The Lansing River Trail courses along scenic riverbanks and through parks for 13. The trail follows the Red Cedar River from Hagadom Road on the MSU campus border west to its junction with the Grand River and then follows the Grand River north through Lansing. A spur trail heads south from Potter Park through Shubell, Scott Woods and Hawk Island County parks to end at E. Jolly Road.
Despite the urban setting, you will experience wetlands and woodlands and probably catch sight of the trail's resident ducks, squirrels and butterflies. The paved path has sections of wooden boardwalk passing under highways and skirting out over the water, avoiding almost all contact with motorized traffic.
From the Clippert Street trailhead at the trail's southeast end travel 1 mile before coming to the Aurelius Road trailhead and another 0.5 mile to Potter Park. The park is beautifully landscaped, and its locationright on the Red Cedar Riveroffers a soothing atmosphere to feed ducks or simply take a break. It is also home to the Potter Park Zoo and is a popular stop for post-zoo picnics.
Next, the trail crosses Pennsylvania Avenue via a wooden pedestrian bridge. An active railroad bridge parallels the trail at this point, and if your timing is right, you may find yourself racing a train. Where the Red Cedar and Grand rivers collide, head due north along the Grand River toward downtown Lansing. A collection of historical and cultural locations speckle the route from here, starting with the Impression 5 Science Center and its planet walk. Next door is the River Walk Theater and the R.E. Olds Transportation Museum.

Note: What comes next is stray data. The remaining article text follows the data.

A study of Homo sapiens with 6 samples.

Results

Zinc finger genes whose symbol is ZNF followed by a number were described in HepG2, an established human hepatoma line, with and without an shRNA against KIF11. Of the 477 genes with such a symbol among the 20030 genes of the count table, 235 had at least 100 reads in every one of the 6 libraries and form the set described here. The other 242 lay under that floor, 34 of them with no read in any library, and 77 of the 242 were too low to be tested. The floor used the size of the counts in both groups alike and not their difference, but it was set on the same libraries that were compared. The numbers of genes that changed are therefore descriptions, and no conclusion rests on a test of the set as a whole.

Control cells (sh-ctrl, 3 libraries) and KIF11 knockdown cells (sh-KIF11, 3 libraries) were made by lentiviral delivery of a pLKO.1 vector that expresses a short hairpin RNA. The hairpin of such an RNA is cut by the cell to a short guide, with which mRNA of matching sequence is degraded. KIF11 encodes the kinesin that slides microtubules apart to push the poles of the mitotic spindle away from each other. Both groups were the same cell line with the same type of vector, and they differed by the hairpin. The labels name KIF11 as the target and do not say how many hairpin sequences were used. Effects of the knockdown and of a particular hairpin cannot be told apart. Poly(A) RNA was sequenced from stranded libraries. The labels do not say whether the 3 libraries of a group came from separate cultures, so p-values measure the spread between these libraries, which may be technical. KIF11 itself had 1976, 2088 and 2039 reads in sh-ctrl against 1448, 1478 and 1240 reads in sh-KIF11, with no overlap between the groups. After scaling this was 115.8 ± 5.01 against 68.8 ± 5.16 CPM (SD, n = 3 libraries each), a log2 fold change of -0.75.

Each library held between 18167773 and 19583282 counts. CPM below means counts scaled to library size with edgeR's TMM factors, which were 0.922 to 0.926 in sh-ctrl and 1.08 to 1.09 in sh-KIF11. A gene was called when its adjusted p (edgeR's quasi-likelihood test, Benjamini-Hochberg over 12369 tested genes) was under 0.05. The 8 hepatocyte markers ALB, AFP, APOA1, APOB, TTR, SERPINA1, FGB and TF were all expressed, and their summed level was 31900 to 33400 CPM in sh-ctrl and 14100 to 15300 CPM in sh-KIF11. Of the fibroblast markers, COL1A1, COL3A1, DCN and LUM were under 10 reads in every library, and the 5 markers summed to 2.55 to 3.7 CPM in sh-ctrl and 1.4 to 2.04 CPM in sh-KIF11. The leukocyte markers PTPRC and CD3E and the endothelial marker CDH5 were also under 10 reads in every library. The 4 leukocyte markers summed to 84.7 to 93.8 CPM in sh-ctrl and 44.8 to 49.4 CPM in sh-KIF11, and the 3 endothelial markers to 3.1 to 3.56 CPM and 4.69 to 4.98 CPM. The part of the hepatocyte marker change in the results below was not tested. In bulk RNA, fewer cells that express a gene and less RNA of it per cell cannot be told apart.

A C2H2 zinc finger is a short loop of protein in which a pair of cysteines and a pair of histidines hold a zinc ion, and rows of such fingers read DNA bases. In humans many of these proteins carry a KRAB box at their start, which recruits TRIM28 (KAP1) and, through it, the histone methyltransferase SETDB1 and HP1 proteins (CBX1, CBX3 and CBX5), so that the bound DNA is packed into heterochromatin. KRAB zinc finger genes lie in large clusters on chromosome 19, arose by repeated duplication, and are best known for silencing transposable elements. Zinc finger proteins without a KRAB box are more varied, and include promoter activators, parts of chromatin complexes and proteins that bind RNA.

Continuing north, beside the trail at mile 4 is the Lansing City Market. The market, in operation since 1909, is the place to stop for fresh local produce and handmade crafts. Shaded benches and tables in Adado Riverfront Park, adjacent to the market, make a great picnic spot.
Old Town Lansingand the northern end of the rail-trailprovide some beautiful scenery. Simply stick to the path and you will see the peaceful Burchard Dam and the architecturally striking Brenke Fish Ladder, which allows fish to bypass the dam by scaling spiral steps. To wander through an art gallery or find a charming cafe, hop off the trail at mile 5 and visit downtown Old Town. The Turner-Dodge House is located at the trail's endpoint. This magnificent brick mansion, one of Lansing's most recognized landmarks, has been restored to reflect life in the 1800s. Arrange for a tour, drink tea on the porch or at the very least stop to admire the beautifully manicured lawns and gardens before returning along this urban oasis of a trail.
Parking and Trail Access
To access the East Lansing trailhead, take Interstate 127 north to Exit 8 onto Kalamazoo Street. Turn right on E. Kalamazoo Street then turn right on S. Clippert Street; go right to access the trailhead.
To access the Turner Dodge Park trailhead, take Interstate 496 through Lansing. Take Exit 6 north on Martin Luther King Blvd. for 3 miles then turn right on N. Grand River Avenue. The trailhead in Dodge Park is 0.5 mile on the right.
You can also park at City Market, Hawk Island, Lot 56/Cesar Chavez Plaza, Maguire Park, Oakland Avenue lot, Potter Park, on Saginaw Street and at Turner Dodge.
Excellent trail. All paved, great condition, scenic.
Not that Bad
I read some reviews that made this trail seem bad, me and the family rode on this trial from McGuire park to the MSU dairy. I must say that they were wrong. Their was plenty of wild life and the trails were clean. On the way we ran into our friendly local ...
Our first Lansing River Trail ride
Quite a varied experience! The physical trail itself has a nicely paved surface throughout and is fairly well maintained. However, the scenery varies from rust-belt urban blight that's a bit scary in places, to strikingly pretty and family-friendly.